Litoria freycineti 


Taxonomy [top]

Kingdom Phylum Class Order Family
Animalia Chordata Amphibia Anura Hylidae

Scientific Name: Litoria freycineti
Species Authority: Tschudi, 1838
Common Name(s):
English Freycinet’s Frog, Wallum Rocketfrog
Taxonomic Source(s): Frost, D.R. 2014. Amphibian Species of the World: an Online Reference. Version 6 (27 January 2014). New York, USA. Available at: (Accessed: 27 January 2014).

Assessment Information [top]

Red List Category & Criteria: Vulnerable B2ab(ii,iii,iv,v) ver 3.1
Year Published: 2004
Date Assessed: 2004-04-30
Needs updating
Assessor(s): Harry Hines, Jean-Marc Hero, Ed Meyer, David Newell
Reviewer(s): Global Amphibian Assessment Coordinating Team (Simon Stuart, Janice Chanson and Neil Cox)
Listed as Vulnerable because its Area of Occupancy is less than 2,000km2, its distribution is severely fragmented, and there is a continuing decline in the extent and quality of its habitat, in its Extent of Occurrence, its Area of Occupancy, and in the number of locations and the number of mature individuals.
Previously published Red List assessments:
2002 Vulnerable (VU)

Geographic Range [top]

Range Description: This Australian endemic occurs from Fraser Island in Queensland, south to Jervis Bay in mid-eastern New South Wales.
Countries occurrence:
Range Map: Click here to open the map viewer and explore range.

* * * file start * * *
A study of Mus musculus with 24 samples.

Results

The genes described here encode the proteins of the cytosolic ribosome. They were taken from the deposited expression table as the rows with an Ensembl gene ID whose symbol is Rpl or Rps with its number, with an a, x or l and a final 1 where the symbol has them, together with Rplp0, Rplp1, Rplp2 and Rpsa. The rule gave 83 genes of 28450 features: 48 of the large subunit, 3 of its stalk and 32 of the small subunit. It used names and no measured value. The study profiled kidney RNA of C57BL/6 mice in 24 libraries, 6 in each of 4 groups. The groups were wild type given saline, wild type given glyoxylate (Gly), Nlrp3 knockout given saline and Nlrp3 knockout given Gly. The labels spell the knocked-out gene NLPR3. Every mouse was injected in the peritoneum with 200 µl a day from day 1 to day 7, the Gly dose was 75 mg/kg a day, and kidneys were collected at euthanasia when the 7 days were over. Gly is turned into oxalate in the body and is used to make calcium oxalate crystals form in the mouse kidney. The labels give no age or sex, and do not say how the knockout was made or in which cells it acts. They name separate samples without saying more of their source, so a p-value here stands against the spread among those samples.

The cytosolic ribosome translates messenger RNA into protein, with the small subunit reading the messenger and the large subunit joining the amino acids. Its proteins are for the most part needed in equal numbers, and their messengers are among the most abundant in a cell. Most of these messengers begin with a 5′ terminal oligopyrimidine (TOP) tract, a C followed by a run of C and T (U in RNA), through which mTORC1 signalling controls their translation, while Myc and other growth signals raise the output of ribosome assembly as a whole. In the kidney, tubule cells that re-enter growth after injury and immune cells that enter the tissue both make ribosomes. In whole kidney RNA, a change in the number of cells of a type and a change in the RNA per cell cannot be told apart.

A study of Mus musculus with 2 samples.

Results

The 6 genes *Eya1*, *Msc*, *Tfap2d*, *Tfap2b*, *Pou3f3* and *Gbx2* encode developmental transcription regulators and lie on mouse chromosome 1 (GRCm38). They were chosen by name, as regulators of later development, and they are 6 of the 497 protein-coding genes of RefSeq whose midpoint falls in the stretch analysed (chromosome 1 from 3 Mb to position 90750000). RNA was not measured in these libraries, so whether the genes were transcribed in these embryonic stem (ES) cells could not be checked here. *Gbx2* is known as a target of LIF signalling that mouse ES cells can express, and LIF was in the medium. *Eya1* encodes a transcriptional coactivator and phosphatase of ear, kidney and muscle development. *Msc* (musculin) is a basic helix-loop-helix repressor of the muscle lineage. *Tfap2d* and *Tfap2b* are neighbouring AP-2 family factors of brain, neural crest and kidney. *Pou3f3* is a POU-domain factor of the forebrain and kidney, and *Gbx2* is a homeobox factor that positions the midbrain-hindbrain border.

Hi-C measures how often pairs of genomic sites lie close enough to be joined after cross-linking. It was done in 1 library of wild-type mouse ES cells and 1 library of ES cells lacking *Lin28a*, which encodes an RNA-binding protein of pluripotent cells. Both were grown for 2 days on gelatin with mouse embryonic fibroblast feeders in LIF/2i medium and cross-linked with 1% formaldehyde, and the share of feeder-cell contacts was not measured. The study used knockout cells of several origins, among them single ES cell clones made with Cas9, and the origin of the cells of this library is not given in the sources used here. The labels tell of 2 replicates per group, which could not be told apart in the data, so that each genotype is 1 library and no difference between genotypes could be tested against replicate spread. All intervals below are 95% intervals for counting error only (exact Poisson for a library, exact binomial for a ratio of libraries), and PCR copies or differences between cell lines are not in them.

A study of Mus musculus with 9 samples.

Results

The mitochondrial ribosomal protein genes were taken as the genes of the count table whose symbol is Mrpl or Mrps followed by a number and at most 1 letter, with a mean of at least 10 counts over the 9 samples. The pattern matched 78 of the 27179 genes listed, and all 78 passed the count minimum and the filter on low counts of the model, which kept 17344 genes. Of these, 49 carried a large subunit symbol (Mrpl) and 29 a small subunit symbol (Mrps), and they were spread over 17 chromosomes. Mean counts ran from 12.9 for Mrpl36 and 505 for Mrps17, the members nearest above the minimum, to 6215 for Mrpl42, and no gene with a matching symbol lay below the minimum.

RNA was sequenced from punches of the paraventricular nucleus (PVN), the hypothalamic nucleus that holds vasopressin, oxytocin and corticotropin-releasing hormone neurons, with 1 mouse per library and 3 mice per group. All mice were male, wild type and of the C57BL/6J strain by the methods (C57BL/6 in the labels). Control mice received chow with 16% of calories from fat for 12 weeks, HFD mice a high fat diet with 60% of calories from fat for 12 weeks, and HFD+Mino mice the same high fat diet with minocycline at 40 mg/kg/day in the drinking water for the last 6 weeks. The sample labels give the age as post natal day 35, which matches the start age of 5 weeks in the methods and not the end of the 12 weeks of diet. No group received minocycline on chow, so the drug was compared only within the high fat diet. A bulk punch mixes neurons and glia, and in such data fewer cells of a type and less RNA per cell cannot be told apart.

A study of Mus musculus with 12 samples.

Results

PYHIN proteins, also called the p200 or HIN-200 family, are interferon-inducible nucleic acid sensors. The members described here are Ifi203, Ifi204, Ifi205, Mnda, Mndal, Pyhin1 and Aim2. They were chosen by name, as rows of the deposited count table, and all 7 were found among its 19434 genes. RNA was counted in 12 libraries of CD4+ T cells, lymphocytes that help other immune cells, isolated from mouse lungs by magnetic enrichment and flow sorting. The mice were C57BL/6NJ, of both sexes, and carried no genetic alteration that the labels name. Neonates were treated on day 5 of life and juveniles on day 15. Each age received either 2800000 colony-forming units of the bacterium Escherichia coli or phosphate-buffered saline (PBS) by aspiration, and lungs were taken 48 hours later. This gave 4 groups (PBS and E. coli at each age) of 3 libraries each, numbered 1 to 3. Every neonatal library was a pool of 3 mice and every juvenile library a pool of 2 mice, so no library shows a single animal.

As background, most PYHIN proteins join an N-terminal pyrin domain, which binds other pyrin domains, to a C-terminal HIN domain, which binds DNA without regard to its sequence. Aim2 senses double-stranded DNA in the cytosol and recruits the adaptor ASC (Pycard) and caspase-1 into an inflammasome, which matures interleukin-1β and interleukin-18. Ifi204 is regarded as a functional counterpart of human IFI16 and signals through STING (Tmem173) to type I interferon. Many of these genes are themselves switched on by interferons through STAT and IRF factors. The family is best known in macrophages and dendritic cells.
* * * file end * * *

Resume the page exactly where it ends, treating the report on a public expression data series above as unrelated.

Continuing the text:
Population [top]

Population: There is no information on population status.
Current Population Trend: Decreasing
Additional data:
Population severely fragmented: No

Habitat and Ecology [top]

Habitat and Ecology: This species occupies a variety of habitats, but is most commonly seen in the vicinity of temporary coastal swamps (wallum). These areas typically have low nutrient soils and heath, sedge land, Melaleuca swamp or Banksia woodland vegetation. It is mostly a nocturnal species, and is a spring and summer breeder. Eggs are demersal and laid in shallow water, and the larvae are free-swimming.
Systems: Terrestrial; Freshwater

Threats [top]

Major Threat(s): Clearing of habitat for agriculture, pine plantations, housing and other infrastructure is a threat; they occur in an area with the highest rate of human population growth in Australia. Other threats include habitat degradation through alterations in hydrology and increased nutrient loads, invading weeds, and inappropriate fire regimes.

Conservation Actions [top]

Conservation Actions: The range of the species includes several protected areas, including Fraser Island National Park.

Citation: Harry Hines, Jean-Marc Hero, Ed Meyer, David Newell. 2004. Litoria freycineti. The IUCN Red List of Threatened Species 2004: e.T41033A10391425. . Downloaded on 26 November 2015.